An overview of security certificates
We can do all sorts of things online, from renewing a passport to opening a bank account, applying for a loan or doing the weekly shop. Online shopping, or e-commerce, has grown from a niche activity to one that is pretty routine for many of us. The UK, in fact, is the e-commerce leader in Europe, generating a massive £38.83 billion in online sales last year.
Whatever we’re doing online we want to be secure and SSL certificates are one of the best ways to ensure security whenever we’re exchanging data with a website.
What is SSL?
SSL stands for Secure Sockets Layer and is a protocol that provides safer communication via an encryption process. The information being exchanged between your computer and the website’s server is encrypted, meaning that any hacker attempting to intercept and read the information will be unable to get any meaningful data.
The encryption uses two keys – one at each end of the data exchange. One key encrypts the information and the other key decrypts it again at the other end. In conventional (symmetric) encryption, both keys are the same and can each be used to encode and decode the other’s transmissions. In asymmetric cryptography there are two distinct keys; information encrypted with one can only be decrypted by the other and vice versa.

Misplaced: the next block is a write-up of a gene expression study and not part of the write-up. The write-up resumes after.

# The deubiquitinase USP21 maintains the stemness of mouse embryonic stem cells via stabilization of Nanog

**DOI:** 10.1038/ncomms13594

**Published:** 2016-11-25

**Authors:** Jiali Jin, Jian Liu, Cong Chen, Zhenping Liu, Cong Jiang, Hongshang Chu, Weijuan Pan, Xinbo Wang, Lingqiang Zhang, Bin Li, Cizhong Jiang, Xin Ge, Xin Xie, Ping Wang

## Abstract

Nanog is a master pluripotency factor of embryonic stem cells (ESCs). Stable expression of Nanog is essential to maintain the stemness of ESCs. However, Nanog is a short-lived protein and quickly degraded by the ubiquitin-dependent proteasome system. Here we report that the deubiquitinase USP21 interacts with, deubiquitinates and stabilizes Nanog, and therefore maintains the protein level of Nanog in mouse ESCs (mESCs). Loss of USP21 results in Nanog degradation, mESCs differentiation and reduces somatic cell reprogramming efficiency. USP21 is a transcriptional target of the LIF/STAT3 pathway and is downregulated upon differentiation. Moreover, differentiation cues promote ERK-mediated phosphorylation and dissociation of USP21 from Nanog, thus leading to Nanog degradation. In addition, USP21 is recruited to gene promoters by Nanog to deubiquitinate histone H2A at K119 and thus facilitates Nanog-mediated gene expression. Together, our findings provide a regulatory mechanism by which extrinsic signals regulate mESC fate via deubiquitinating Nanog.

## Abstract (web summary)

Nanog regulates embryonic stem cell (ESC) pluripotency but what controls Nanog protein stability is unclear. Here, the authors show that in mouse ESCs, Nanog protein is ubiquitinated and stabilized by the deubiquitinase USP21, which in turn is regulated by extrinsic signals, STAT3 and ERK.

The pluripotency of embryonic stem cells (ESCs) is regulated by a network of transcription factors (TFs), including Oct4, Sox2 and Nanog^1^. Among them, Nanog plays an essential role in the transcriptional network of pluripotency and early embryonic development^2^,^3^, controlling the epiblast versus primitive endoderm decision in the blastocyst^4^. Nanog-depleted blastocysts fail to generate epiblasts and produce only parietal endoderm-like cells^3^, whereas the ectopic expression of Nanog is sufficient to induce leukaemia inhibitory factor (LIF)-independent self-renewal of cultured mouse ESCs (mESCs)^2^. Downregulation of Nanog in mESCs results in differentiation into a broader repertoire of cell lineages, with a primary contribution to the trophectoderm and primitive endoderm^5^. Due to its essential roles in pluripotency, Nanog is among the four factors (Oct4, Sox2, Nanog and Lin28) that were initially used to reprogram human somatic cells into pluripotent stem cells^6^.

What are SSL certificates?
Using SSL is a great way to keep transactions and other exchanges of data secure. You also need a way to know that the website you are using is protected by SSL technology, and this is where certification comes in. A secure server identifies itself to web browsers by means of a certificate. If a certificate is present, the beginning of the website address will be identified ‘https’ rather than ‘http’. There will also be a padlock icon in the address bar and, for some certificates, the entire address bar will turn green in high security browser settings.
An SSL certificate may be self signed but the certificate authority that is best is generally a trusted third party that is able to issue an Extended Validation (EV) SSL certificate. The verification process is more thorough for an (EV) SSL, meaning there is more public trust in sites with this sort of certification. Whether you’re a consumer or a vendor, SSL and its accompanying certification can help make sure the transaction is secure and trouble-free.